Prague, 12 May 1997 (RFE/RL) - The rich Jewish cultural and architectural heritage in Central and Eastern Europe has faced countless threats down the centuries. Today, the perils are more likely to be neglect or environmental damage than deliberate destruction.
From Berlin to Budapest, many synagogues have been restored to their former glory over the past decade. Celebrations of the life and death of Jewish communities have been held, cemeteries reconsecrated and monuments erected.
But, in many areas, the diverse cultural and artistic legacy of the Jewish people remains under threat.
The destruction of World War II and the hostility of Communist governments to religion have taken their toll, and many other important Jewish sites still lie abandoned and decaying.
The U.S.-based International Survey of Jewish Monuments (ISJM) is one of several organizations that has been working to document and preserve Jewish sites in the region since the collapse of Communism.
Sam Gruber, ISJM's acting president, told RFE/RL that often it is the memory of a nation decimated by the Holocaust that needs to be preserved rather than a functioning religious building or site.
"It does not make sense to preserve most synagogues as synagogues if there is no one left to pray in them," says Gruber.
But, he argues, besides historical reasons for art's sake, preservation is still important. The preservation of cemeteries is called for under Jewish law.
Inevitably, says Gruber, the work is not without problems given the difficult history of the Jewish people.
Open hostility between preservation activists, who are often survivors of the Holocaust or children of survivors, and members of the local community is common. Confrontations arise and anti-Semitic prejudice is rekindled.
But, Gruber says, there are also many examples of successful cooperation
He cites the efforts to restore the Tempel synagogue in Poland, the only nineteenth century synagogue to have survived virtually intact in the country.
A magnificent building located on the edge of Cracow's historic Kazimierz district, it combines elements of the Romanesque, Neo-Classical Gothic Revival and Neo-Renaissance styles.
At the invitation of Cracow's Jewish Community, which owns the building, the World Monuments Fund (WMF), a non-profit organization based in New York, began restoration work in 1994. Funds are now needed to repair the interior.
When finished the Tempel will continue to serve as a synagogue for local and visiting Jews. It is one of severaral sites on the WMF's list of Endangered Historic Jewish Sites. Others include the Subotica synagogue in Vojvodina, Serbia, one of the finest Jugendstil buildings in the Balkans. It was built in 1902 by the two Hungarian architects Komor and Iacob.
The Jewish community sold the synagogue to the municipality in the early 1980's. It was briefly used as a theater. The onset of war halted restoration work begun by the Yugoslav government. Now funding is needed to complete the job.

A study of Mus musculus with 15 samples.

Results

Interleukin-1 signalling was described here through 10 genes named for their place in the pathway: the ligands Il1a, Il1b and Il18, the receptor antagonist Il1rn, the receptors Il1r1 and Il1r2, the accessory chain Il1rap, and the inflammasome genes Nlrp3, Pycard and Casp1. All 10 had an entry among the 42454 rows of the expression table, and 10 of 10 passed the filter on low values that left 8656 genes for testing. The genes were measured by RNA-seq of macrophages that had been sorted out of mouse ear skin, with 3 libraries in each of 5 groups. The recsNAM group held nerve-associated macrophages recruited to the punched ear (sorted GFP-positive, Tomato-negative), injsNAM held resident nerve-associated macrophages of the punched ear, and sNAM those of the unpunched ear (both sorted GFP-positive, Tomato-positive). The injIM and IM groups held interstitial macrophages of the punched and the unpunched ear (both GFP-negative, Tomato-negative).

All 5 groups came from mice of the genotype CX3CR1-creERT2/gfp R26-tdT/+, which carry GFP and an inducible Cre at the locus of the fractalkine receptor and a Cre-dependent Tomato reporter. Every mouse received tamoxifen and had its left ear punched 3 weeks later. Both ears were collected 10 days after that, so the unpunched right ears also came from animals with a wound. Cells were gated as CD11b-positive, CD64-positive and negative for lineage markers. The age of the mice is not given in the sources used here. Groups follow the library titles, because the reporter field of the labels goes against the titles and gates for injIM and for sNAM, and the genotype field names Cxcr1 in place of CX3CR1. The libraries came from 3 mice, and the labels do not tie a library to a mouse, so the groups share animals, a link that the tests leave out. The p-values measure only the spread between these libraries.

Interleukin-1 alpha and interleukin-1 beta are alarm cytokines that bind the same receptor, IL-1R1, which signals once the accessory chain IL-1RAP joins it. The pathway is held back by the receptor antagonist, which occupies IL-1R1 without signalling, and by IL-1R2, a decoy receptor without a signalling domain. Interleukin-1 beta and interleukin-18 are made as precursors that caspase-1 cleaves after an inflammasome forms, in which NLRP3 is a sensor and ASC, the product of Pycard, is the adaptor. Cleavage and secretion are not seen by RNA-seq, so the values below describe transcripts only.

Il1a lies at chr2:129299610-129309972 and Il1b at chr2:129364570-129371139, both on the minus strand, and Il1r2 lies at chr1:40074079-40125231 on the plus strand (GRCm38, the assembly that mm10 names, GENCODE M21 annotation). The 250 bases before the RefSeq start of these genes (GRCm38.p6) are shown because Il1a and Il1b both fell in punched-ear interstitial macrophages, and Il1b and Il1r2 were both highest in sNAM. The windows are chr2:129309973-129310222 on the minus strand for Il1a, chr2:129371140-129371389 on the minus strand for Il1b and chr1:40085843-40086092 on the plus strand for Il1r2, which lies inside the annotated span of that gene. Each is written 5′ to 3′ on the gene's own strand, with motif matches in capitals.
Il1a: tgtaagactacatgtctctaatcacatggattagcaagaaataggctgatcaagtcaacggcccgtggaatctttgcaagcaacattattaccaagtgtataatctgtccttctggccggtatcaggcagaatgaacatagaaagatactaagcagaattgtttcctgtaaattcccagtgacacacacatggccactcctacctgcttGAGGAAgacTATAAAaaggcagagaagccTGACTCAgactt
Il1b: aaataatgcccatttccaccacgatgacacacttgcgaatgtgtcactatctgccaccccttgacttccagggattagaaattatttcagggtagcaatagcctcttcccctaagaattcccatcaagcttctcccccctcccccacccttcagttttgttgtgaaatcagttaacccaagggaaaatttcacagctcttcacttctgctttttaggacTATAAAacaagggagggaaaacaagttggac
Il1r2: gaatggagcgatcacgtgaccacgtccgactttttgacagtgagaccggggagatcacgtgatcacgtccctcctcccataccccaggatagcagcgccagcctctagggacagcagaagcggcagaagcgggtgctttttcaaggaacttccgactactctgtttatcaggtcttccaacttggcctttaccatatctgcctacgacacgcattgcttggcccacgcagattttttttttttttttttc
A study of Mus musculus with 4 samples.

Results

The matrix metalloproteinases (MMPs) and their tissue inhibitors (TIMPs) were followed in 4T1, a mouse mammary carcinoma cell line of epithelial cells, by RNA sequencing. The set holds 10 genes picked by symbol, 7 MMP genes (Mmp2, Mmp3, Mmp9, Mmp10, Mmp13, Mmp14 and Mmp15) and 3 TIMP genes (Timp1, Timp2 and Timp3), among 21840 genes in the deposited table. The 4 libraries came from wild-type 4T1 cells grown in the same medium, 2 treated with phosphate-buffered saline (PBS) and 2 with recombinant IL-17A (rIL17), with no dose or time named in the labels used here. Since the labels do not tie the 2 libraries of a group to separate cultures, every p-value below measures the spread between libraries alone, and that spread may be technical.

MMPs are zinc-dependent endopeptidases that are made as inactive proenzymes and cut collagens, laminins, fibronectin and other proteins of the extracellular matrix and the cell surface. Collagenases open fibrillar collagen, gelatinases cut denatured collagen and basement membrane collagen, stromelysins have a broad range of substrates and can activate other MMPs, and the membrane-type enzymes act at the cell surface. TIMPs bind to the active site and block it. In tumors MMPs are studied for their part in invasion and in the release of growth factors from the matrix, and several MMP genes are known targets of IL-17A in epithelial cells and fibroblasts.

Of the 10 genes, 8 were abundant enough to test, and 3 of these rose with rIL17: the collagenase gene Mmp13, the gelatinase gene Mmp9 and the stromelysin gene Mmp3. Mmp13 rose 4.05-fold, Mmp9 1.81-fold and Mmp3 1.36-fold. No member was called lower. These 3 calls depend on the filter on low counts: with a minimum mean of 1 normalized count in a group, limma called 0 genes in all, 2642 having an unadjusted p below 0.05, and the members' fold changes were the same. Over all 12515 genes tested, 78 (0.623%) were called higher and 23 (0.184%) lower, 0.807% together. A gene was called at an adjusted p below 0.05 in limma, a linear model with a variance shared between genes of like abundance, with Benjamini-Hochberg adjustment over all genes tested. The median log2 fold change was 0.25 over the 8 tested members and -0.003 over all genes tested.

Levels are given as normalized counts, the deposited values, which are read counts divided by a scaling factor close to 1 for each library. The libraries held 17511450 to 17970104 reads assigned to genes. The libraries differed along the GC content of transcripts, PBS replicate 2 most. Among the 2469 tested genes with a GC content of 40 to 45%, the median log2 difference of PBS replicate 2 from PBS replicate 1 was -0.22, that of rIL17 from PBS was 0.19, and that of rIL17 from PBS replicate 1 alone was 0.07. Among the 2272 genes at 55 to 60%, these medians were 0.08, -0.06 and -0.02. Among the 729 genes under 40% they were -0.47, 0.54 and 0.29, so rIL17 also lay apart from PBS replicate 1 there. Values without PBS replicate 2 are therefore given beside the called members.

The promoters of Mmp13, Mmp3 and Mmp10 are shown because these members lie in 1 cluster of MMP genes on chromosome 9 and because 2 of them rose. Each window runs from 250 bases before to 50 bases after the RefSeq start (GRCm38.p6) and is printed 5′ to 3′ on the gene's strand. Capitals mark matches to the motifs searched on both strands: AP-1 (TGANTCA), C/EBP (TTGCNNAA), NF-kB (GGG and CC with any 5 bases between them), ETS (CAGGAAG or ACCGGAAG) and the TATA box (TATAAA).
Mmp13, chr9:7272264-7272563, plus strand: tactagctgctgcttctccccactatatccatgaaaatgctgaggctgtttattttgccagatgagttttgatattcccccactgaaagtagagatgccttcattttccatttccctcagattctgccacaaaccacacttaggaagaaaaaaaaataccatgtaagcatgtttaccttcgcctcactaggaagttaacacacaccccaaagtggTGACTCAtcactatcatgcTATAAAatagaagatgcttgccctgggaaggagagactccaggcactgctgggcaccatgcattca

In Belarus, a Baroque synagogue in the town of Slonim is also listed for immediate attention by the WMF, which began its international Jewish Heritage Program in 1988.
Built in 1642, it was one of the grandest synagogues in the country. Although dilapidated and now used as a warehouse, it is still the best preserved synagogue of its kind in Belarus. The government has expressed interest in restoring it.
Another organization active in the field is the U.S. Commission for the Preservation of America's Heritage Abroad. It was set up in 1985 by Congress in response to growing concerns about the deterioration and destruction of cultural sites in Eastern and Central Europe of importance to U.S. citizens.
It comprises 21 commissioners appointed by the President of the United States and responds to problems reported directly to them by U.S. citizens or by members of Congress on behalf of constituents.
Problems listed by the Commission include:
Actions by governments or individuals to limit access to Jewish sites.
Damage caused by refuse dumping.
Vandalism and misuse.
Today, the Commission has agreements with six countries in Eastern and Central Europe for the preservation of historic sites.
The first accords were signed in 1992 with the Czech and Slovak Republics. Subsequent agreements have been signed with Romania, Ukraine, Poland and Slovenia.
Among other projects, the Commission has helped restore an old Jewish cemetery discovered at Babi-Yar in Ukraine near the site where 200,000 Jews, Ukrainians and others were massacred by the nazis during World War II. The Commission also sponsored a 50th anniversary memorial service in New York for those who died there.
In Nova Mesta, in the Slovak Republic, the Commission was able to halt the destruction by local authorities of a cemetery important to U.S. citizens who trace their cultural heritage to the area.
The matter was brought to the attention of Slovak President Michal Kovac. Representatives of his office and U.S. Embassy officials traveled to Nova Mesta and the problem was resolved.
Gruber says that the willful destruction of Jewish sites in Central and Eastern Europe is still a cause for concern. In addition to harmful actions taken by local authorities, arson attacks on synagogues and the desecration of Jewish cemeteries have taken place across the region in recent years.
But, says Gruber, such problems are often exaggerated. He points out that such attacks are not confined to the region and also affect other ethnic communities as well.
Where preservation is concerned it is clear that not every Jewish site can be saved. Instead, Gruber says, the aim of most groups and individuals is to preserve a representative sample of the region's great Jewish artistic and cultural wealth for future generations to enjoy.
(This is the last in a series of four articles about historic preservation in Central and Eastern Europe and the former USSR. See Saving The East's Architectural Heritage.)